Enhancing cervical cancer prevention in Nigeria

Abuja ‒ Adenike Olayemi says Nigeria’s cervical cancer screening programme saved her life: “I cannot imagine what could have happened if I had not done the screening and gone for treatment.”

Olayemi, 43, who lives in Ondo State, was among 667 women who tested positive for the human papillomavirus (HPV) and underwent treatment to avert cervical cancer during a campaign in 2023, funded by the Susan Thompson Buffet Foundation and supported by World Health Organization (WHO) in the African Region.

The support to five states, Anambra, Ondo, Kebbi, Niger and Ekiti, enabled routine cervical cancer secondary prevention services across primary healthcare facilities, benefiting 21 851 women. They underwent visual inspections with acetic acid (VAI), a simple, safe and cost-effective alternative to a pap smear. Using VIA a health worker conducts a visual examination of the cervix to detect precursors of cervical cancer following the application of acetic acid. 

Pap smears are effective tools to detect abnormal cells before they progress to cancer, but access to this service is limited, especially for vulnerable women living in remote rural areas.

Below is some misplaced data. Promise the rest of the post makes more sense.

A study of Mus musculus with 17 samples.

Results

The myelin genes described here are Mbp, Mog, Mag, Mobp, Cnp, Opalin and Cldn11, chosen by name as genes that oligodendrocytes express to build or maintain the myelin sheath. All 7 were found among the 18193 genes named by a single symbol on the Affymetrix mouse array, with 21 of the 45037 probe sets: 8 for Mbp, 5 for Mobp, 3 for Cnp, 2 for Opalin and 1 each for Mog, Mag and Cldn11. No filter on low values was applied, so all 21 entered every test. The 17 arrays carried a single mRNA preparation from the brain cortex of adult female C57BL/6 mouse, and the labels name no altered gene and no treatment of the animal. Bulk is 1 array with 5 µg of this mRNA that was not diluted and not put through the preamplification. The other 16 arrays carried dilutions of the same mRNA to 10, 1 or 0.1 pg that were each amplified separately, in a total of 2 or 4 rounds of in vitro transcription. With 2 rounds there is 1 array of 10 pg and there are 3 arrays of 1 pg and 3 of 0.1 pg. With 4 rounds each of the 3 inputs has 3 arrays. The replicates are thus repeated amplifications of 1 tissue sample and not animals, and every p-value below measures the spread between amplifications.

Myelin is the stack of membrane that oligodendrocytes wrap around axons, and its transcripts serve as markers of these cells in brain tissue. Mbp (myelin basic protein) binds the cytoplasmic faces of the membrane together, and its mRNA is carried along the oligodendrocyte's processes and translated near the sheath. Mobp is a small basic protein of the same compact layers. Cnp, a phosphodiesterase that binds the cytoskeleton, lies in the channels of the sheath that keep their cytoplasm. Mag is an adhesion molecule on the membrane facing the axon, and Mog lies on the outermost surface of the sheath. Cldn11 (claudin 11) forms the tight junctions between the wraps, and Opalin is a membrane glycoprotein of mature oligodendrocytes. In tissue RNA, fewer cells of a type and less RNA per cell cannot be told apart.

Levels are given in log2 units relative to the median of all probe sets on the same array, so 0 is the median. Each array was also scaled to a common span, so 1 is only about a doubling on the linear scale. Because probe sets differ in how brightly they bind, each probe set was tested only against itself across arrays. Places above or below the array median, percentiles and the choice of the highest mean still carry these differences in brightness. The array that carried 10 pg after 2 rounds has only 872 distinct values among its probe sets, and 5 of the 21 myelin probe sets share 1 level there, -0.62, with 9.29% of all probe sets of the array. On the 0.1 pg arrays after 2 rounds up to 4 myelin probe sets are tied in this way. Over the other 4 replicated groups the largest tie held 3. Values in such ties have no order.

Ilemobayo Wuraola, a nurse at the family planning clinic at Arakale Health Centre in Akure, in Ondo State, says: “The programme provided by the government and its partners at primary health clinics has enlightened many people about cervical cancer, and brought livesaving services closer to the people.”

In line with the Global Strategy to eliminate cervical cancer by 2030, WHO, Gavi, the Vaccine Alliance and partners, in collaboration with the Government of Nigeria, developed and implemented a multi-pronged prevention strategy to protect the lives of girls and women from the deadly disease.  This includes the rollout of a mass HPV vaccination campaign targeting girls aged nine to 14 years to receive a single dose of the vaccine in 16 states. 

Between October 2023 and January 2024, 4.95 million girls were vaccinated against HPV.

Cervical cancer is one of the most common cancers among women globally, with HPV responsible for nearly all cases. HPV is a sexually transmitted infection, with nearly every sexually active person at risk of exposure. While many HPV infections clear up naturally, certain strains can lead to cervical, anal, oropharyngeal and other cancers, if left untreated.  

Cervical cancer is preventable through the HPV vaccine, while regular screening for precancerous conditions can help early detection to reduce cases and deaths by allowing for timely treatment and effective management. 

 

“We commend the government’s efforts to introduce the HPV vaccine and set in motion plans to roll out the second phase of immunization to the remaining 21 states,” says WHO Country Representative in Nigeria, Dr Walter Kazadi Mulombo. 

“Let us honour the memory of those lost to HPV-related illnesses by renewing our commitment to vaccination, screening, early diagnosis and treatment,” he adds.